Written by Senator Jack Martins Friday, 18 November 2011 00:00
Before my wife can comment, I’d like to disclose right up front that I have yet to clean out our garage, but I did attempt to help a friend with his this past week. It was an attempt because just as we began his annual “toss or keep” fall ritual, we were surprised by the scurrying of little feet around the garage.
My friend, doing what any self-possessed, confident guy does, immediately decided not to mention it to his wife, and then armed with a leaf blower and a broom set out to evict the unwelcome visitor. His crusade grew exponentially as he emptied the garage of all patio furniture, bicycles, rakes, and every seasonal ornament known to man in an effort to locate his new-found nemesis. I was systematically assigned guard duty at various locations as he tried to scare the mouse out of hiding. Somewhere about mid-morning I yielded to futility and left only to return that evening to a driveway full of junk and news that the mouse had gotten away.
Our everyday views on government and its policies can be a lot like that. It’s easy to lose sight of what matters most and become distracted by the many issues advanced by various special interests. That’s certainly the case as we digest what’s happening with Occupy Wall Street. It’s been described as a “big tent” in which anyone with a complaint is welcome.
That includes everyone from those angry about corporate pay to young people who want student loans paid off. In fact, the concerns are so numerous and varied that it becomes impossible to fairly judge the merit of the protests based on any of them so I won’t attempt to do so here. What I do observe is that jobs seem to always be the core of our turmoil and yet are routinely overshadowed.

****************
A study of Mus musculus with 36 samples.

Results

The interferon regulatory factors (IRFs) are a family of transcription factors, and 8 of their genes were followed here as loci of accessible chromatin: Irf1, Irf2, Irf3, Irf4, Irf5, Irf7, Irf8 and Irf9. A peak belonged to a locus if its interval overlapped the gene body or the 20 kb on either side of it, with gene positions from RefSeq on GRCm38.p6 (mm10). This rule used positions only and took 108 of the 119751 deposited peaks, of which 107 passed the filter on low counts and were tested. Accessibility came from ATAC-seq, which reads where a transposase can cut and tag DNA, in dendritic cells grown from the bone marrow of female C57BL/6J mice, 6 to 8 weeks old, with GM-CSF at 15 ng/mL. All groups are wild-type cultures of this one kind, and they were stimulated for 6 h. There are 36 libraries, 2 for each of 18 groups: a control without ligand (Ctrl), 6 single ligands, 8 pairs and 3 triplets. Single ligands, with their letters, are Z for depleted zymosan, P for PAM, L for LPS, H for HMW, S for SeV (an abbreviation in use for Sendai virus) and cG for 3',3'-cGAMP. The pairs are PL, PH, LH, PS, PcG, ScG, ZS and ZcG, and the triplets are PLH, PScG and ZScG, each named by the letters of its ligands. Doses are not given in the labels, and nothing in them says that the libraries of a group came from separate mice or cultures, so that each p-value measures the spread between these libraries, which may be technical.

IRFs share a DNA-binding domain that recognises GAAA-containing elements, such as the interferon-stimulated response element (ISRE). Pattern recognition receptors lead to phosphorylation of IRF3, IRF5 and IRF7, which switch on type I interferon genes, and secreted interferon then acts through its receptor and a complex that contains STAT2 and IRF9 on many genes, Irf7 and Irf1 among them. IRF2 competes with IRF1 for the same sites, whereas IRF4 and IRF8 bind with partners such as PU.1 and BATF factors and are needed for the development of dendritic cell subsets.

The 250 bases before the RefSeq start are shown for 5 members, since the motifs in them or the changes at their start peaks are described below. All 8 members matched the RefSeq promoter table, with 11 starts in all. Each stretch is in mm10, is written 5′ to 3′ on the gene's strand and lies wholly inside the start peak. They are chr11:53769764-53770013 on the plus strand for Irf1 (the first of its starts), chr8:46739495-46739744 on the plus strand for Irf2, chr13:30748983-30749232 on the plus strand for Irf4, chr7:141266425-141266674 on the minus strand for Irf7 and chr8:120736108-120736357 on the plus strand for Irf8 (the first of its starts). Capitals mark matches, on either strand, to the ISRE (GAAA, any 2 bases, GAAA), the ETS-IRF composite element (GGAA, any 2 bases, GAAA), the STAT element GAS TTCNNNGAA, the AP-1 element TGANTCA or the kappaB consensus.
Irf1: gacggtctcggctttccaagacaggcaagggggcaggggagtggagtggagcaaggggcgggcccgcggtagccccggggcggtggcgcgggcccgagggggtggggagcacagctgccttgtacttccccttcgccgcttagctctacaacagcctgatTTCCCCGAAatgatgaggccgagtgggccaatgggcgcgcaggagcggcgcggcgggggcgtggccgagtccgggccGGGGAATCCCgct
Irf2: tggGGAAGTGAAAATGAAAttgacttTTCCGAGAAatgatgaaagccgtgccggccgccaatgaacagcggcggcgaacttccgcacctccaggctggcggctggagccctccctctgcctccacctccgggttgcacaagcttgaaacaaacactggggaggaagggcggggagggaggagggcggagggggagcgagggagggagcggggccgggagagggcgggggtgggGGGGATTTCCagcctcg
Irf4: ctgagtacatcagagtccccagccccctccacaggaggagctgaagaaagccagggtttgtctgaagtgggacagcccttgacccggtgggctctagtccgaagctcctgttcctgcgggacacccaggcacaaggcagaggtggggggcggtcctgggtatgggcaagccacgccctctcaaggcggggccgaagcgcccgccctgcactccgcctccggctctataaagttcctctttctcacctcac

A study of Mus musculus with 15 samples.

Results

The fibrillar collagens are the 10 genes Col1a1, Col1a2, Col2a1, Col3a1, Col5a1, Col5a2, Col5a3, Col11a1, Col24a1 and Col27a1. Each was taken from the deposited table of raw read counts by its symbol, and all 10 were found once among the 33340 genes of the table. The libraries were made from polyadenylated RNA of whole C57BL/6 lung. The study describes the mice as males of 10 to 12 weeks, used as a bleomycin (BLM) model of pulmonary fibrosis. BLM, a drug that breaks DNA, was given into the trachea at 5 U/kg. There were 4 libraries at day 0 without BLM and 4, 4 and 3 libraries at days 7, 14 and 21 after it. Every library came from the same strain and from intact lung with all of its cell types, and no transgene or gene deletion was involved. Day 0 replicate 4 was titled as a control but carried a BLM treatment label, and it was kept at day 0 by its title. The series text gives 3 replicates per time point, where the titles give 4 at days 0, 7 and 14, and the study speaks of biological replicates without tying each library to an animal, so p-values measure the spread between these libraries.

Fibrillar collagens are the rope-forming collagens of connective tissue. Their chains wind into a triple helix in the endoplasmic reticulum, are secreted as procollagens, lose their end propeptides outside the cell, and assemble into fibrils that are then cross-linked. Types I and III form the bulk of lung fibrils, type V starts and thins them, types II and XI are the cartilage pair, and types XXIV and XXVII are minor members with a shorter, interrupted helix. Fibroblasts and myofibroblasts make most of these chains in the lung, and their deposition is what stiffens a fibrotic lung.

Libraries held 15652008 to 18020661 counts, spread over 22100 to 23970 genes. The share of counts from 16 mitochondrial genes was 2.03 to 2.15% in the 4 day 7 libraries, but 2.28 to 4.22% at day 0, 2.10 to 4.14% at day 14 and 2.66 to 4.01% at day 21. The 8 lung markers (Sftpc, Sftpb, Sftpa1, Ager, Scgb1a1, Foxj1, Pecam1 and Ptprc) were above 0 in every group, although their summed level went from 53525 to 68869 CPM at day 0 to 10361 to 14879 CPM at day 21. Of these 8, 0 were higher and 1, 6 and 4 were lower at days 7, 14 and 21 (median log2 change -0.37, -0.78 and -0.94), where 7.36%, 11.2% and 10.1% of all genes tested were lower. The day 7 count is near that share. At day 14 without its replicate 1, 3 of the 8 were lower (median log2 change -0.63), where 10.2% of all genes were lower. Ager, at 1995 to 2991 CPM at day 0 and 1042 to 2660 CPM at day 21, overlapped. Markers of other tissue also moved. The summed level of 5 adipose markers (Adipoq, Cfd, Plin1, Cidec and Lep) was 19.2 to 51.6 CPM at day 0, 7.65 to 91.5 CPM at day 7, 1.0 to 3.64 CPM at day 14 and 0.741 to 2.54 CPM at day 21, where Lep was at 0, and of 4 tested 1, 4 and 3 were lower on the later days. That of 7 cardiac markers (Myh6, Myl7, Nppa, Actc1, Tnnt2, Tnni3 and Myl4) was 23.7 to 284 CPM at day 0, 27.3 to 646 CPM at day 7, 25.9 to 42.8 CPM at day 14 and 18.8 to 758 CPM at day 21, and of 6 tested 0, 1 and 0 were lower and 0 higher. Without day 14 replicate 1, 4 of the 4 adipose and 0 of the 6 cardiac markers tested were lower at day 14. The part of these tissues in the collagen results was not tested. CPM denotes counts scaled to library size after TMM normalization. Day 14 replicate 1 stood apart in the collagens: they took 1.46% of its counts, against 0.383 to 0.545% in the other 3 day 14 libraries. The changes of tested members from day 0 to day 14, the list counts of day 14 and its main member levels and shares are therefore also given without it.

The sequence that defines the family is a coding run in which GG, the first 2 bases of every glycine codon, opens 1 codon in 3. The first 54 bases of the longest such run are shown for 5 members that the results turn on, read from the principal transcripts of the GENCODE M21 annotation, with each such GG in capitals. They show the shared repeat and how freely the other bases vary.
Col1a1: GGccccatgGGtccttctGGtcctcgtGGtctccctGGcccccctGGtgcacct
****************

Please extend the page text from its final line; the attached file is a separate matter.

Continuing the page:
Ultimately, many of these grievances stem from dissatisfaction with a stagnant job market. We could pay off every student loan in our country tomorrow or tax our corporations, small and large, into oblivion but if people can’t find rewarding employment with which to pursue their own American dream, then they’d simply be in debt again the day after.
We experiment with policy “band-aids” that seek to ameliorate the damage of this increasingly weak job market. We tinker with interest rates, offer earned income tax credits, and even expand social programs to the point of minutia. Then we debate it all endlessly. These are the mice in our garage.
We’re too busy arguing how to replace what’s missing from people’s pockets instead of concentrating on helping them restore it with a good living. The job is what’s missing. One thing has become abundantly clear: government will never take the place of a robust economy and the jobs that come with it.
This past year in Albany has been deemed a success by many observers. We cut government spending, got runaway taxes under control and started on the road back to accountability. That’s fine but I think we’ve only set the table, so to speak.